The pandemic hit the US later than many countries in Europe, and yet many parts of the US are quicker to reopen than European countries. This might end up being a costly decision, as the number of cases was still growing before the lockdown relaxation, a new study concludes.
We can't be in lockdown forever -- that much is clear. But the strategy to relax the lockdown can make the difference between a relatively calm situation and one that spirals completely out of control.
The current epidemiological guidance about lockdown relaxation largely rests on a very important number: R0.
An epidemiological dimmer switch
R0 (R zero) is the "basic reproduction number", and it's essentially saying this: for every person that has the disease, how many new people get the disease? If the R0 is 1, then for every person who has an infectious disease, a new one becomes infected, and the number of infections remains constant. If it is lower than 1, then the number of infections is decreasing, and if it is over 1, the number is increasing in the population.
The goal with the lockdown is, as we've all heard before, to flatten the curve: to make sure that the infections don't run out of control and overcome medical capacity. In all places that have implemented a lockdown, the number of cases has stabilized and decreased -- after a while.
Because it takes a couple of weeks for the disease to set in and because so many cases are asymptomatic, you won't see results tomorrow if you implement a lockdown today. It took many European countries two months of intense lockdown to reduce R0 to an acceptable range.
Then, once this is done, it's not like you can just return everything to normal. It's not like turning the light on and off -- instead, it's more like a dimmer switch that you gradually adjust as the cases increase or decrease.
But in some parts of the US, the light hasn't even been dimmed down seriously, and it's being turned back on.
According to a new model by Imperial College London, the number of cases could surge as a result in several US states.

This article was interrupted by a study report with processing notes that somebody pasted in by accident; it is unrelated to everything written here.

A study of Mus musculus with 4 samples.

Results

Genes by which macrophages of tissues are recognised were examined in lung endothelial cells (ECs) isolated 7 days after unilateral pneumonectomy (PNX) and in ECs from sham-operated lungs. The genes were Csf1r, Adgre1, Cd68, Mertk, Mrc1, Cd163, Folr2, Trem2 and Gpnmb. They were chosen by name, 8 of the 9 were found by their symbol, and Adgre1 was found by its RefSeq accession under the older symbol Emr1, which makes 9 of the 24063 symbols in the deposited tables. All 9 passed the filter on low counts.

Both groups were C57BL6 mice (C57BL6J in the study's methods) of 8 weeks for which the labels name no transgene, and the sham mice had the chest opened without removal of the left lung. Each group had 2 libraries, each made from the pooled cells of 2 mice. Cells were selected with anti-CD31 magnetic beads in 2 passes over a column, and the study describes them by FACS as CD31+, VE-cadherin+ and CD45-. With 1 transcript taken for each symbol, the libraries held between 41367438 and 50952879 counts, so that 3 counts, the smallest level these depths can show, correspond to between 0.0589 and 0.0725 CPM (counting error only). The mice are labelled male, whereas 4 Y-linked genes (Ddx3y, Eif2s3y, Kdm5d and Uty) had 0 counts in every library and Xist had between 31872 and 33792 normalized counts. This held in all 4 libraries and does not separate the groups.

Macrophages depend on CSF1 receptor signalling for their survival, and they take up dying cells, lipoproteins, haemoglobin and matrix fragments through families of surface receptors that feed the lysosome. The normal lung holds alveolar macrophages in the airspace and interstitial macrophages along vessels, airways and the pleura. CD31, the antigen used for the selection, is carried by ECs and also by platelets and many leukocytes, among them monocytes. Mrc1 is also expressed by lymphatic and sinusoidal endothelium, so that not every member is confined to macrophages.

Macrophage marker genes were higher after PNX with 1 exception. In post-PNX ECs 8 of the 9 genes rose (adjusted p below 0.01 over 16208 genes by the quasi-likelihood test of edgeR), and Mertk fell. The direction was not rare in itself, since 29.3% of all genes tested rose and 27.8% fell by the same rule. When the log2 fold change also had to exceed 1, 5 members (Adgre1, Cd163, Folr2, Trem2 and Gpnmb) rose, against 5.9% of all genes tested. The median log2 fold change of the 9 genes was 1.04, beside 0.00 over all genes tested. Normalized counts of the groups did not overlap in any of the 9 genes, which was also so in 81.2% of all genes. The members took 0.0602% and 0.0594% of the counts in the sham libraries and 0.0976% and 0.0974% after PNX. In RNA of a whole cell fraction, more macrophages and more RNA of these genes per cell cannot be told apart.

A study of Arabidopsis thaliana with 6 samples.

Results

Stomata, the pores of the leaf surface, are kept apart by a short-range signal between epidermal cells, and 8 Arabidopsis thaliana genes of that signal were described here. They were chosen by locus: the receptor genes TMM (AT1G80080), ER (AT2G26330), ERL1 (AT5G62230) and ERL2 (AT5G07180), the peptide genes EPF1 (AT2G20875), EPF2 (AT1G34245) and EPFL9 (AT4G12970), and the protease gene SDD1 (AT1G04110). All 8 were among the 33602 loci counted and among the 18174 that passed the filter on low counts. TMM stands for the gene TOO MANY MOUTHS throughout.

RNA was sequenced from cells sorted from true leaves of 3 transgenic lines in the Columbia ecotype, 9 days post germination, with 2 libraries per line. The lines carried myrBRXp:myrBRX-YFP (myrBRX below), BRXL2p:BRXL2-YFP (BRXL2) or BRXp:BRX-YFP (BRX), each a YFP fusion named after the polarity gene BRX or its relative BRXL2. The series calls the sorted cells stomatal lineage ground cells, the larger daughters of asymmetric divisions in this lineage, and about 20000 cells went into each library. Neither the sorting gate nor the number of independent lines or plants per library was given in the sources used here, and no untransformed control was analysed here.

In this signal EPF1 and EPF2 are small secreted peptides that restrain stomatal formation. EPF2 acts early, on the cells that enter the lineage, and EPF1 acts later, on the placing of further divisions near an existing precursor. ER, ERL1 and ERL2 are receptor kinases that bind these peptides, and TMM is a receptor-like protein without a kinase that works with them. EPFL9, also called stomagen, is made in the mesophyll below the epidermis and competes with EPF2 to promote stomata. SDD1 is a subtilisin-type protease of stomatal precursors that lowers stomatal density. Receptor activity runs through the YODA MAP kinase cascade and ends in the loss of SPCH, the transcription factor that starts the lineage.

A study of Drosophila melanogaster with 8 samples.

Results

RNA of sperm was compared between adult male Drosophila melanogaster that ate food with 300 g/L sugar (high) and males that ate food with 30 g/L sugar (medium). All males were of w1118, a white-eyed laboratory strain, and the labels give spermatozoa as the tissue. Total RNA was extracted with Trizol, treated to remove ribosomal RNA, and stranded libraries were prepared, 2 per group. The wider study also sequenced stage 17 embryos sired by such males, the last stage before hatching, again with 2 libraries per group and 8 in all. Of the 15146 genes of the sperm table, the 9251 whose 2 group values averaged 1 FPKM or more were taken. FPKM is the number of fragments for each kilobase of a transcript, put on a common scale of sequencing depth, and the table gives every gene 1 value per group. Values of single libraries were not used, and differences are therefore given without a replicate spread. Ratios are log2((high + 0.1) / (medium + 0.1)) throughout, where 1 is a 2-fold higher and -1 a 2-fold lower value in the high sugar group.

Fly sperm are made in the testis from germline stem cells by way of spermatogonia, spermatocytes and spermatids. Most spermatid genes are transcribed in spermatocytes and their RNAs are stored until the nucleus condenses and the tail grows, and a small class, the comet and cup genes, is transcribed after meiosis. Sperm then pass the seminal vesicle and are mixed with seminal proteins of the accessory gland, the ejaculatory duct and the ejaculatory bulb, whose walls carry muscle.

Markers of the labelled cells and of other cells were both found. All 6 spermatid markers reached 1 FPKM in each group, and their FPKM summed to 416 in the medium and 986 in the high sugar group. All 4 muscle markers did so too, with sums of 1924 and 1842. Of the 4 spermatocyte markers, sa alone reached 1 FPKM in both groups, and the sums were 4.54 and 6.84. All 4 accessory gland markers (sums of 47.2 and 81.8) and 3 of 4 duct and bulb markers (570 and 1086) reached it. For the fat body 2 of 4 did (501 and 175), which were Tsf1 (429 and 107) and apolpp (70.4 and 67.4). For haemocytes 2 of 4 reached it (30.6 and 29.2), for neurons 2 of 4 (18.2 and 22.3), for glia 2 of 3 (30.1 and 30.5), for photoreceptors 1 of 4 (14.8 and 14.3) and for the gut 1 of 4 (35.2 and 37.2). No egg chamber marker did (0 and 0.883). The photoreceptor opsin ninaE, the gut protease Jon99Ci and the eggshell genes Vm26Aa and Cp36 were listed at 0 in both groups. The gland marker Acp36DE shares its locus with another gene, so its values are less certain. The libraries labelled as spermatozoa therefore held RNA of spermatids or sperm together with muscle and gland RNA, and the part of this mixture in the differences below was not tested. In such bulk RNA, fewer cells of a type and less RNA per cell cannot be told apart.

Switching on prematurely
"Our results suggest that while the US has substantially reduced its reproduction numbers in all states, there is little evidence that the epidemic is under control in the majority of states," the study reads.
According to the model, if lockdowns are eased and people are allowed to travel and move about freely again, there is a good chance of the disease taking off in different hotspots. A
The study found that 9 states haven't even reduced the R0 number under 1 -- in other words, infections are still on the rise. Also, with a confidence level of 50%, the researchers also found 25 states where R0 is over 1.
In other words, 9 states still have infections on the rise, whereas about half of all US states have a fairly stable R0, very close to the range of 1. Texas, Arizona, Illinois, Colorado, and Ohio are at the highest risk in the new model.
The US currently has 1,700,000 confirmed coronavirus cases. The number of new cases has been decreasing overall in the country over the past few weeks, but this can create a misleading picture as the trend isn't generalized. For instance, much of the overall national progress is represented by the state of New York finally bringing the infection under control.
When a lockdown is relaxed, you expect the number of new infections to grow. So the idea is to start from an R0 that's under 1, so when the lockdown is relaxed, it grows to 1 -- but not beyond that, because that's when things start to spiral.
"Without changes in behaviour that result in reduced transmission, or interventions such as increased testing that limit transmission, new infections of COVID-19 are likely to persist, and, in the majority of states, grow."
Of course, as we've already learned over the course of this pandemic, models aren't perfect. The model doesn't account for behavioral changes and contact tracing, and every model is subject to the suppositions implemented into it.
But the cautionary tale is simple: many states are hardly in a position to justify relaxation, and this could end up being a very costly decision.
This is just the first wave of infections. There will almost certainly be a subsequent wave or several waves. As we've already seen in previous pandemics, the second wave can strike much harder than the first, and -premature relaxation can do more harm than good.
The study can be read here. It has not been peer-reviewed yet.